Frequently Asked Questions
The duration of the baiting is weather dependent, and will vary in relation to the number of helicopters. The plan is to treat the entire island once, wait 10-14 days, and then do it again, to maximise the chances of reaching every mouse. Each bait treatment will take about 6-8 days of good weather, assuming three helicopters can operate at once, so with luck the total operation should be completed in 1-2 months.
Cereal bait pellets laced with brodifacoum poison will be dropped all over the island from bait buckets slung beneath helicopters. The bucket is linked to a GPS log, which records exactly which parts of the island have been treated, so that the entire island can be covered.
The poison is a second-generation anticoagulent, similar to commercial rat poison, but more slow acting, so the mice don’t learn to associate the bait with subsequent deaths. It makes them feel unwell, but they are unlikely to experience any pain or distress; they retreat to their burrows (reducing the risk of being eaten by scavenging birds), go to sleep and don’t wake up.
This depends on the temperature and the amount of rain, but it can last for weeks or even months under certain conditions. Fortunately it does not dissolve in water, and Marion winters are typically very wet, so we expect all the poison to flush out of the system into the ocean (to undetectable concentrations) within a couple of months.
We don’t know exactly – presumably either in materials landed ashore to support sealing operations, or from an early ship-wreck. The first record of mice on Marion Island is from an early sealer’s log written in 1818.
In the last decade, more than 95% of attempts to eradicate mice from islands have been successful. We can’t be 100% certain, because Marion will be the largest island attempted to date, but experts who have been involved in successful operations on Macquarie Island and South Georgia are confident that it should succeed on Marion Island too. The operation is over-engineered to minimise the risk of failure.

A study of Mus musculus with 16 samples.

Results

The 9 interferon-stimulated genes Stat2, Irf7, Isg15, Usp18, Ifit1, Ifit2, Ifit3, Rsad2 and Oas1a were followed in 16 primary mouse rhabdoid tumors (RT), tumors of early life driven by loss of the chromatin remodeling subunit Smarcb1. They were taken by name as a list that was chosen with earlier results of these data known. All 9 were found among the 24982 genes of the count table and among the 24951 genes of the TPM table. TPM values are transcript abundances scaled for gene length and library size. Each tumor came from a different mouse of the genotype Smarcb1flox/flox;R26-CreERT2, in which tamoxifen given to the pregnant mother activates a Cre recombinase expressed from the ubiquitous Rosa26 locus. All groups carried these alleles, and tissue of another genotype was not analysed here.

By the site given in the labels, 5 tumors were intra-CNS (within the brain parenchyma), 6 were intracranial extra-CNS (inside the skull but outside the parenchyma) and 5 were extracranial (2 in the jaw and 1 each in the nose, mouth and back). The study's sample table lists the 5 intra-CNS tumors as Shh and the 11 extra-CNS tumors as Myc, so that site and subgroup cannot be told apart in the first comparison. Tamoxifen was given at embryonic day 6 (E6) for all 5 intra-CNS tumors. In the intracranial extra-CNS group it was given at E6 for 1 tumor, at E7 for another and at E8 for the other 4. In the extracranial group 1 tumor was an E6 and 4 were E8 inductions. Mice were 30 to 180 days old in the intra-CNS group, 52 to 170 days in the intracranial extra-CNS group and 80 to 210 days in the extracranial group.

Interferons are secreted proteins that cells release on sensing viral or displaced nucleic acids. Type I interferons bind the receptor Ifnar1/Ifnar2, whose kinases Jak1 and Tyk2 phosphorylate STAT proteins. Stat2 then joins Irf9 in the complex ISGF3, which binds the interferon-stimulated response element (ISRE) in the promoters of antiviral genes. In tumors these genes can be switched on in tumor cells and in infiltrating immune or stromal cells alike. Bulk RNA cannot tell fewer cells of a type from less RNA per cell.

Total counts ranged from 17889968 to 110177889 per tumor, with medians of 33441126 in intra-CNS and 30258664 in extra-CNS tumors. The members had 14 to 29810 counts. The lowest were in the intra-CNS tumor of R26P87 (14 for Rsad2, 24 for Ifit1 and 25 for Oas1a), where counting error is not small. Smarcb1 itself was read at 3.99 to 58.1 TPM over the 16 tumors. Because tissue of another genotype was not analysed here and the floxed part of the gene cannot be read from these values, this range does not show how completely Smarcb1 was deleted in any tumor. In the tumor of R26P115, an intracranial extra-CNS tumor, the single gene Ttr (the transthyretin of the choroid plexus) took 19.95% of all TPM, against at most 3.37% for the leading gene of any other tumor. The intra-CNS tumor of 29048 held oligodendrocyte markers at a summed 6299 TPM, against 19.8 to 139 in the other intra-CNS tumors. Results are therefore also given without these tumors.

Albatrosses and most petrels only breed in habitats lacking terrestrial mammal predators. Because they have never experienced anything like this before, they haven’t evolved appropriate responses to being attacked by fast-moving, nocturnal predators.
The operation will require about 300 tonnes of poison bait to be spread over the island; the bait alone will cost around R30 million, and then there is the cost of the helicopters, specialist pilots, ship costs to transport materials and personnel to the islands, etc.
Marion Island already has strict biosecurity measures in force, limiting the amounts and types of materials that can be taken ashore, all of which are inspected before loading on the supply ship at the home port and again ashore on arrival and unpacking. Only ships that are certified rodent free before leaving port can visit the island, and there is no dock where ships can tie up, so the risk of a rodent sneaking ashore are very small. Even stricter measures will be in force during and will remain in place after the operation.
It is thought that giant petrels are unlikely to scavenge mice but gulls, skuas and sheathbills will likely take any dead mice they can see. However, the risk of secondary poisoning is fairly low because most mice will retreat to their burrows after consuming a poisoned pellet, reducing the risk of being eaten by scavenging birds. We will put plans in place (such as keeping some birds in captivity until the environment is safe, and then releasing them) to minimise the risks to non-target species.
Most mice will die in their burrows, where they will decay within a few months. However, the plan currently includes a small team to scour the coastal areas for carcasses, to minimise risks to birds.
Yes; mice have been eradicated from more than 70 islands worldwide, but Marion Island will be the largest island attempted to date where mice are the only introduced mammal. South Georgia is much larger, but mice only occurred in two rat-free areas with a total area less than that of Marion. Rats are easier to eradicate because they occur at lower densities than mice and have larger home ranges, so require less bait to be delivered less precisely than when targeting mice alone. At Australia’s Macquarie Island, three species (rabbits, rats and mice) were successfully eradicated in 2014, so even though that island is smaller than Marion Island, it was a very complex operation; in this respect, Marion Island should be easier to achieve success than Macquarie Island.
No; Kelp Gulls and Brown Skuas are the two birds that most often prey on mice, but mice make up only a tiny proportion of their diet. And mice have greatly reduced the natural prey of both species (the gulls eat large invertebrates, and many skuas rely on burrowing petrels), so eradicating mice will actually result in more food for these birds, including for the sheathbills.